Avoiding unsuccessful candidates brings your company down to the level of online dating practices, or ‘ghosting’ as it has been dubbed. All of the above constitute an unprofessional recruitment process and could be damaging to your own morale as well as your reputation.
A more professional way to say no is somewhere in the middle of no and a no-reply, as Ross McCammon has termed it ‘a kind of super no -- a negative accompanied by a whole bunch of positives’.
This article will delve into how best to approach candidate rejection and thereby protect your brand as well as your reputation.
Can your business prove the ‘human’ element of your HR department when it comes to how you reject a candidate?
Ways to Innovate
- Pick Up the Phone!
Remember in your final stage of recruitment, there should only be a few candidates left so having a 3-5 minute phone call with each individual is a great way to humanise the rejection.
By articulating why you’ve chosen someone else on this occasion and by offering salient points that will benefit the individual the burning questions of ‘Why not?’ and ‘Is it me?’ will be sidelined by genuine feedback.
- People Come and Go, Reputation Remains
The public’s view of your company can turn sour fast through word-of-mouth so learning how to kindly say no is key to your company brand.
Don’t forget the candidate has probably spent several hours researching the company, customising their CV and writing a cover letter.
No matter how successful you are, you cannot afford to dismiss talented individuals who are most likely invisible promoters of your product or service.
Offering candidates the chance to take part in a feedback survey demonstrates thought for the individual and gives voice to their experience which could improve the way you hire.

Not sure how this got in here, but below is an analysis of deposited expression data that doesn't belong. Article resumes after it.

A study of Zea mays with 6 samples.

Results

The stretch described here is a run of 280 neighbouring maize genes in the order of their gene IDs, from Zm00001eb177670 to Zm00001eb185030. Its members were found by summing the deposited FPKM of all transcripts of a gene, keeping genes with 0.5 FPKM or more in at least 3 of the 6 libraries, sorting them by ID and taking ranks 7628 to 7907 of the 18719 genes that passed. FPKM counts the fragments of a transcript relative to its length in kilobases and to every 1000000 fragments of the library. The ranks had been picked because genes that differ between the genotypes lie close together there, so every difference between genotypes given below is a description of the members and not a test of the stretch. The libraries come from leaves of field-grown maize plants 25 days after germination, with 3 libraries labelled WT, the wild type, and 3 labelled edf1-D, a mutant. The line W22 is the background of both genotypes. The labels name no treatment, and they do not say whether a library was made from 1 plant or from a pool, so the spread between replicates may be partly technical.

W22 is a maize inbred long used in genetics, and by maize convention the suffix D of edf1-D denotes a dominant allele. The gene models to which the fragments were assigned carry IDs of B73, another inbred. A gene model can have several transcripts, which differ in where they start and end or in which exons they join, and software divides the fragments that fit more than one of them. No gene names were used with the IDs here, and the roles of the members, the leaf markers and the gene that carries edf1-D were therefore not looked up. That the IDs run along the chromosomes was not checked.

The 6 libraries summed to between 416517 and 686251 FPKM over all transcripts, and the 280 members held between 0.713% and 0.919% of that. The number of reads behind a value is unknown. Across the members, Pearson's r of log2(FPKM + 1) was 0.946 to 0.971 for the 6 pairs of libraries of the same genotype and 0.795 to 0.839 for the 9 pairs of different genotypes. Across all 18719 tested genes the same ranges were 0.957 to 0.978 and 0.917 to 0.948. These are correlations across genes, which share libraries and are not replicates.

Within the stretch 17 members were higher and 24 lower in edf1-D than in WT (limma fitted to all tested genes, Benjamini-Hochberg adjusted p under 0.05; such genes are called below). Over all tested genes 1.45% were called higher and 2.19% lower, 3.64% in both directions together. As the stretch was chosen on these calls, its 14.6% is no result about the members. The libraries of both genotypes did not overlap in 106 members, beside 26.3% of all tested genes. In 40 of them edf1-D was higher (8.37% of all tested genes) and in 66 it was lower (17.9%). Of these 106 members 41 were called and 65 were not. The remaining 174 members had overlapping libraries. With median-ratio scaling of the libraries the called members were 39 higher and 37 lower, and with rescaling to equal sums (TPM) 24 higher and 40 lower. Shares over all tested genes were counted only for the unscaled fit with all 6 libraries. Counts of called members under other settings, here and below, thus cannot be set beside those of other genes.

- New Opportunities, Old Relationships
Unsuccessful candidates might not be the right fit for the role for which they apply but that doesn’t mean they won’t be in the future. Needless to say, if they’ve made it to the final stage of the interview process they must be talented.
A great way to conclude a rejection phone call is to offer to connect on LinkedIn, a suggestion which gives the interaction constructive potential and maintains your connections with the skilled.
Likewise, inviting the candidate to like a Talent Hive page where your openings are posted sends a genuine message that you appreciated the skillset of the individual and could wish to reengage in the future.
Your Next Step
No matter what our job title, we are humans first and sometimes we may prioritise the comfort of an official email over a personalised form of candidate rejection.
By phoning the unsuccessful candidates, connecting on LinkedIn and creating a candidate survey, you can say ‘Thanks but No Thanks’ with a weight of empathy to boost candidate confidence and improve your own morale by doing the right thing.
By infusing compassion into your rejection process, you can leave yourself open to crossing paths with the person in the future while also demonstrating your business as one that appreciates all candidates.
Innovating your HR procedure in this way will soon prove that the art of saying no isn’t so hard to master after all.